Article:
Q&A with young regional artist Jacob Raupach

Young regional artist Jacob Raupach. Photo: courtesy the artist.

Young regional artist Jacob Raupach. Photo: courtesy the artist.

Meet Jacob, one of 25 regional NSW young artists awarded a $10,000 scholarship under a major NSW Government scheme to develop emerging artistic talent.

The Young Regional Artist Scholarships (YRAS), available for all art forms, fund activities such as mentorships or internships with arts organisations, short-term courses and other training, national and international travel and creation of new work.

Jacob discusses his YRAS journey below.

Name: Jacob Raupach
Region: Riverina
Artform/practice: Visual Arts

Why did you apply for the Young Regional Artist Scholarship?

Over the last few years, I have been working on a photographic project that I plan to publish as a monograph in 2017. I wanted to spend time getting this work critiqued by my peers at international festivals and undertake some workshops prior to publishing it, as well as attempt to demystify the process of publishing more generally.

These things hadn’t ever seemed like a possibility before, so this scholarship really seemed like the right opportunity to fulfill those goals. Plus, it’s not often that there is specific funding like the scholarship for young, regional artists – it was too good to pass up!

What regional activities did you undertake as part of the scholarship?

I was interested in using this opportunity as a means to access information and activities like festivals and workshops/studio visits with national/international artists that happen outside of regional centres.

However, the work that I make as an artist is heavily invested in understanding the economies of regional centres. This scholarship is intended to help facilitate the production of a monograph in 2017 that focuses primarily on resource-based industry in regional NSW and some funds from the scholarship are being used directly to produce new photographs for the book.

What has receiving the scholarship meant for you as a regional artist?

Receiving the scholarship has been an extremely humbling and significant moment for me. It means a great deal that an organisation like Arts NSW is willing to believe and invest in a project that I’m working on and that they also see the importance of providing specific funding for regional artists.

It’s often easy to imagine that there are more opportunities in metropolitan areas but this scholarship is allowing me to experience those opportunities and then come back to a regional area and share them with my peers.

Did you experience any challenges along the way that changed your original plan? If so, how did you overcome these challenges?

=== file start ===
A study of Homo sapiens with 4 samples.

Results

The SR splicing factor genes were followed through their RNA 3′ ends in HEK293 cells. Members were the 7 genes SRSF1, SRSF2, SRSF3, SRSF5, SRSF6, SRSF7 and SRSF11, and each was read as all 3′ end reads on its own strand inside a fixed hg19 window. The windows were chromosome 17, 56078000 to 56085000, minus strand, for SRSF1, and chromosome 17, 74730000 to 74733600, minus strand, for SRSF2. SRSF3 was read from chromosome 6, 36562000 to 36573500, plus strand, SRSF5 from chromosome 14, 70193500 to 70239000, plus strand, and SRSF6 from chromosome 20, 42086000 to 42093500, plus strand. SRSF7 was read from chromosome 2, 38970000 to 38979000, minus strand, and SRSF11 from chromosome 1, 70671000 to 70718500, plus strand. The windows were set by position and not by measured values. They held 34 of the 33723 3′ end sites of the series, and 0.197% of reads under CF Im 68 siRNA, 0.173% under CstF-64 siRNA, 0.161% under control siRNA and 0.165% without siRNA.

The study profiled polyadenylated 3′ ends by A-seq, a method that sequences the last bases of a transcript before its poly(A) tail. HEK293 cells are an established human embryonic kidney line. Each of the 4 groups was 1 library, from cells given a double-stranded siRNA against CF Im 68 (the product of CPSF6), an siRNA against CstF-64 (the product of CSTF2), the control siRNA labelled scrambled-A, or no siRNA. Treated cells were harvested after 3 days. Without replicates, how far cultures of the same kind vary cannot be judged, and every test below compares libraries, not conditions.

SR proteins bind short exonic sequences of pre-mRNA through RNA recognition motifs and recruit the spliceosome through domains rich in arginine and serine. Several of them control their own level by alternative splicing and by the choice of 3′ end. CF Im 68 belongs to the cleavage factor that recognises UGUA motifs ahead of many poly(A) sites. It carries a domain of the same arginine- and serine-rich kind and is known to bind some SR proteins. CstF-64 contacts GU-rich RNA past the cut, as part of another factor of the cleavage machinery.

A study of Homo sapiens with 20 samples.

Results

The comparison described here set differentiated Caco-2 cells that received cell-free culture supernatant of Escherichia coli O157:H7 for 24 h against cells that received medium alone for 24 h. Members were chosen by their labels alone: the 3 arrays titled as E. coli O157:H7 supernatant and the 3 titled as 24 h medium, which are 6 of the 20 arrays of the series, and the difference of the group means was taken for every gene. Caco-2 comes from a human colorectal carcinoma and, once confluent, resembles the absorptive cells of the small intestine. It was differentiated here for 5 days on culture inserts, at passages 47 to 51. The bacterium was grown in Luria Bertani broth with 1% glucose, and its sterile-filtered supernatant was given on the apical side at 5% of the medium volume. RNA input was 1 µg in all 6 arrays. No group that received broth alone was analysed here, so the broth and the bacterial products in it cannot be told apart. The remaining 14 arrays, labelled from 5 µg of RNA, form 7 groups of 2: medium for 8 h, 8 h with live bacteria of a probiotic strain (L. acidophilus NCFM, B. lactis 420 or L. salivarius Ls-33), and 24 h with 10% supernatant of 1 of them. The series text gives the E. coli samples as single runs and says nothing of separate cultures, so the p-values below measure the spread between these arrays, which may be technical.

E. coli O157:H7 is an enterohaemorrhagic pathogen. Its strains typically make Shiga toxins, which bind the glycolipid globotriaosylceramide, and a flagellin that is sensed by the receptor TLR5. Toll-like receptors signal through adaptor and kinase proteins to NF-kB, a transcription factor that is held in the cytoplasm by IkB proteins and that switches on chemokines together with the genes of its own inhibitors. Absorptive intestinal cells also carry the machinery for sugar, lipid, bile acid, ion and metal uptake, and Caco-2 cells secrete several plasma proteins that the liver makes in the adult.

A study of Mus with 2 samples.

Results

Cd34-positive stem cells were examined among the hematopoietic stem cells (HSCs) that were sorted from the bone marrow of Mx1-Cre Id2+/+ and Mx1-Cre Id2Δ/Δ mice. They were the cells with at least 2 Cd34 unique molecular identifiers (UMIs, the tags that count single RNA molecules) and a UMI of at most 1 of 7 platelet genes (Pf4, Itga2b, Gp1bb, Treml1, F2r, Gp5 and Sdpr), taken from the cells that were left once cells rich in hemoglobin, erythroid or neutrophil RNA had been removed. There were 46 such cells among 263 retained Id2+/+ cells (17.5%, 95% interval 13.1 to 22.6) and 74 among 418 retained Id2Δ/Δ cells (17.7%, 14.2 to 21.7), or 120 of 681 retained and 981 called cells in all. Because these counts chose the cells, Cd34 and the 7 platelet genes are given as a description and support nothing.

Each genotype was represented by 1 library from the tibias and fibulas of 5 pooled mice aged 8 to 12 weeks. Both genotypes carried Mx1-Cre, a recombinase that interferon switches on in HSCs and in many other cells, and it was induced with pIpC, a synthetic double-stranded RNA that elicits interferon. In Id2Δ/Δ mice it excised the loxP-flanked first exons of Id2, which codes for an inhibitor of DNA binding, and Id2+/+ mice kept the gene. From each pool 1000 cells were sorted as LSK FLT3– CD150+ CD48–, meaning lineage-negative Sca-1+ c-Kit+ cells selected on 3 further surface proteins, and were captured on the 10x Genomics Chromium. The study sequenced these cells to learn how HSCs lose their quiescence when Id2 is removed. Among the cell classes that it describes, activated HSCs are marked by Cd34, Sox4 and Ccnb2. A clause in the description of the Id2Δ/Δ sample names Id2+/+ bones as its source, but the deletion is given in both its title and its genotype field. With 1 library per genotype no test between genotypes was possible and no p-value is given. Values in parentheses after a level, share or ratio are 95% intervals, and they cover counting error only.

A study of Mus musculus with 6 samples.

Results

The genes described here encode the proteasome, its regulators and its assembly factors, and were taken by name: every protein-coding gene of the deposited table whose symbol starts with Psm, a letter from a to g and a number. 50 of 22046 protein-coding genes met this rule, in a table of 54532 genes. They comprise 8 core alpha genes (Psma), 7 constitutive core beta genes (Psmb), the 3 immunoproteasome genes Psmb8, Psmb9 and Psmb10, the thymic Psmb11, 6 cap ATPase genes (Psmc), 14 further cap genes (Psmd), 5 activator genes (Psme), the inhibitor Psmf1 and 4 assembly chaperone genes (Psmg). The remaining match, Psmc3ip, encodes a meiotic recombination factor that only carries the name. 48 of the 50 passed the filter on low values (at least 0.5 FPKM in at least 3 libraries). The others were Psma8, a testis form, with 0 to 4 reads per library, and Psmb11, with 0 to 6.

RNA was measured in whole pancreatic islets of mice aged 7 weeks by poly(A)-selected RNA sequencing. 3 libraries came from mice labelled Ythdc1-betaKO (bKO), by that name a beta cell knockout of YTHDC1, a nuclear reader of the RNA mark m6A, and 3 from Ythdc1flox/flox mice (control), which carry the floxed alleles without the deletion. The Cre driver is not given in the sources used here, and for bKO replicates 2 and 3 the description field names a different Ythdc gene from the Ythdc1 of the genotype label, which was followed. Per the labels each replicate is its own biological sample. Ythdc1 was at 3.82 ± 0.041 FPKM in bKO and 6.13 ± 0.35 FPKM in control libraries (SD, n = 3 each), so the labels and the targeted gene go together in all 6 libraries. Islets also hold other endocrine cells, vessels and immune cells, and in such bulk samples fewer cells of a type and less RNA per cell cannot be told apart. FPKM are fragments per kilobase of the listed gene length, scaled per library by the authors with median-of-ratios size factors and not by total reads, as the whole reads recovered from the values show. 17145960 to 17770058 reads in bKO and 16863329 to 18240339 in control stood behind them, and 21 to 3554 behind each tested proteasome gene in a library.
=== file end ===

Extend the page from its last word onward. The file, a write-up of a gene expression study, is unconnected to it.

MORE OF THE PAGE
My plans have changed quite significantly from my initial scholarship application. I don’t think I really considered how best to use the $10,000 in my original application, but I’ve since made some changes and feel like my current scholarship trajectory feels more on track. I had intended to spend time in Europe attending a photobook festival, undertaking workshops and meeting with galleries and artists over a four-week period. That festival has since announced that they will be hosting this year’s event in Beijing, China so now I’ll be spending 10 days in Beijing but will also be undertaking a residency at the Australian National University in August this year. These aren’t necessarily extreme challenges, but my plans have changed quite dramatically from my initial proposal.

I’ve been quite lucky in that the bulk of my scholarship activities aren’t happening until the middle of 2016, so I’ve had time to reflect on what I want to get out of this experience and make changes that I think make for a more well-rounded scholarship. It’s been great to know that everyone at Arts NSW is extremely open and helpful about changing aspects of the scholarship. Things can change dramatically from the time of application to when it’s actually supposed to happen, so they’re support and guidance has made overcoming these issues so much easier.

When you submitted your application, which aspects did you find difficult and how did you work through them? 

I think one of the most difficult parts was actually considering how best to use the $10,000 and turn that abstract monetary figure into actual outcomes. I spent a long time thinking about the project and still found things I wanted to change after submitting. The budget is always difficult and takes a long time to get right and balanced, particularly when you’re planning for things that haven’t even been announced yet. Throughout the process of writing my application I would discuss it with my peers and my Regional Arts Development Organisation (RADO) as I made progress. Getting feedback on my writing, budget and support material was invaluable to help me work through the process.

Do you have any advice for potential applicants applying to the YRAS program?

Really consider how you can make the most out of the scholarship and how it can benefit your arts practice in the long term. Leave yourself plenty of time to discuss your application with peers and your local RADO – this is the feedback that will make your application and the final scholarship activities the best they can be. \

Most importantly, dream up a development program for yourself that you never thought could happen!


The YRAS program will see 100 scholarships valued at $10,000 each awarded over four years and 25 scholarships will be awarded in 2016. 

Applications are now open for Round One, closing 27 June 2016. For more information about the YRAS program click here.